Sepsis: New perspectives
© Author 2014
Published: 28 July 2014
This issue of Burns & Trauma is largely devoted to sepsis. The subject is of great importance, as is emphasized by the fact that much of our daily clinical work is aimed at preventing this potentially lethal condition. All hospital clinicians, and intensive care specialists in particular recognize the syndrome, but what is it, exactly, and how is it diagnosed? It is interesting that none of the excellent articles in this issue have attempted a definition, although prompt recognition and treatment are essential. Gray areas of Medicine, such as this, suggests that our understanding of the phenomenon is incomplete. For this reason, the wide-ranging, erudite articles contained in this journal are a welcome contribution to our current knowledge of the condition.
In a similar vein, the review of the characteristics of bone marrow tyrosine kinase, bone marrow kinase X-linked (BMX), by Le Qiu and colleagues from Anhui Province, provides a unique into the role of this enzyme in inflammatory disorders. This paper is especially welcome because much of the work described in the article has originated in the fields of oncology and chronic inflammatory states. The presentation of knowledge from different fields of medicine is frequently lacking in specialized research; while the clinical implications for the treatment of sepsis are not yet apparent, awareness of developments in this area may well trigger new approaches in time.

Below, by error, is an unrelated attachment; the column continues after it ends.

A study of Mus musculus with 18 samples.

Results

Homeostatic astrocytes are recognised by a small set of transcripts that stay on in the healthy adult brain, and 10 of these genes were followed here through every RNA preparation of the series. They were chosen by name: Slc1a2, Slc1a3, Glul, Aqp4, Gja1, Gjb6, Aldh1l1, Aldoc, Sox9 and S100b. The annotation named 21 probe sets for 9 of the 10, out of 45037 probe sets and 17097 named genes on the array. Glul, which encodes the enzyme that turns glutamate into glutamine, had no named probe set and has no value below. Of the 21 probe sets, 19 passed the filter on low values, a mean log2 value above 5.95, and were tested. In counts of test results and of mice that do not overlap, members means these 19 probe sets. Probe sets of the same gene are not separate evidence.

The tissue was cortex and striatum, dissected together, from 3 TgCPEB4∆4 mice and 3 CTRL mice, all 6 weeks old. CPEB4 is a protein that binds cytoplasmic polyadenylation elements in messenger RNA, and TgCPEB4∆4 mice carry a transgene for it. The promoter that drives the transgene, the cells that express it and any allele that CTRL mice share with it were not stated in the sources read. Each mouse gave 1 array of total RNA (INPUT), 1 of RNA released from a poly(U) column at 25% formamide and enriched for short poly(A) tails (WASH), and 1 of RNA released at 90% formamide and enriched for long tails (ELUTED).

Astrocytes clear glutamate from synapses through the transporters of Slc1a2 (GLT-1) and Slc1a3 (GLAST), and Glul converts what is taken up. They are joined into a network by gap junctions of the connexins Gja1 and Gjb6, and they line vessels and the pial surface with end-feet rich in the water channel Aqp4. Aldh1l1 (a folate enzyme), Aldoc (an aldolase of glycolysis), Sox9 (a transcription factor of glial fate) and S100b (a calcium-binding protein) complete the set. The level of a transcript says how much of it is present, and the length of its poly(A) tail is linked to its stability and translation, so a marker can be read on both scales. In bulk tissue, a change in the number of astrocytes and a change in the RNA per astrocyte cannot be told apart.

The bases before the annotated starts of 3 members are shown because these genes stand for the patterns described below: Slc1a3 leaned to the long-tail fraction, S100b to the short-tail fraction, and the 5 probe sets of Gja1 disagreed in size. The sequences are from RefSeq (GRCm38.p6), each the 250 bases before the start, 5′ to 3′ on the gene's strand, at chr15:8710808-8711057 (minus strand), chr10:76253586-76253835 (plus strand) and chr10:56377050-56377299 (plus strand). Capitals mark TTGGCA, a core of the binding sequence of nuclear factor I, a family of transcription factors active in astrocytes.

The third review paper concerns the key role of plateletneutrophil interactions in sepsis. This article, by Xu Wang et al. is a timely review of the current state of knowledge of the essential role of platelets and neutrophils in the inflammatory response. While the importance of these cells in sepsis has been recognized for decades, insight into their actions and interactions has expanded significantly, in recent years. These advances are described eloquently and the implications for potential therapeutic interventions are clearly set out in this important review.
The final paper in this issue concerning sepsis comprises a prospective study into the clinical effects of continuous veno-veno hemofiltration (CVVH) in burn patients with sepsis. This study is a remarkable achievement and Cheng Xu and his colleagues are to be congratulated in carrying out this trial. The study concentrated on the effects of CVVH on plasma levels of interleukin (IL)-6, IL-8 and tumor necrosis factor (TNF)-α, which were significantly reduced in the dialyzed group, but clinical effects were also apparent, although mortality was low in both groups. This investigation is an important contribution to the clinical dilemma if and when patients should be exposed to the major intervention of CVVH, when sepsis supervenes. Until now, most physicians would wait until frank signs of renal dysfunction become manifest. This paper forms a strong argument for earlier application of hemofiltration.
Together, the articles included in this issue comprise a major contribution to our understanding of sepsis, as well as indicating potential and actual therapeutic responses. I congratulate all the authors on their outstanding efforts, as well as the guest editor Prof. Yongming Yao for collecting these papers together. The issue deserves to be read widely.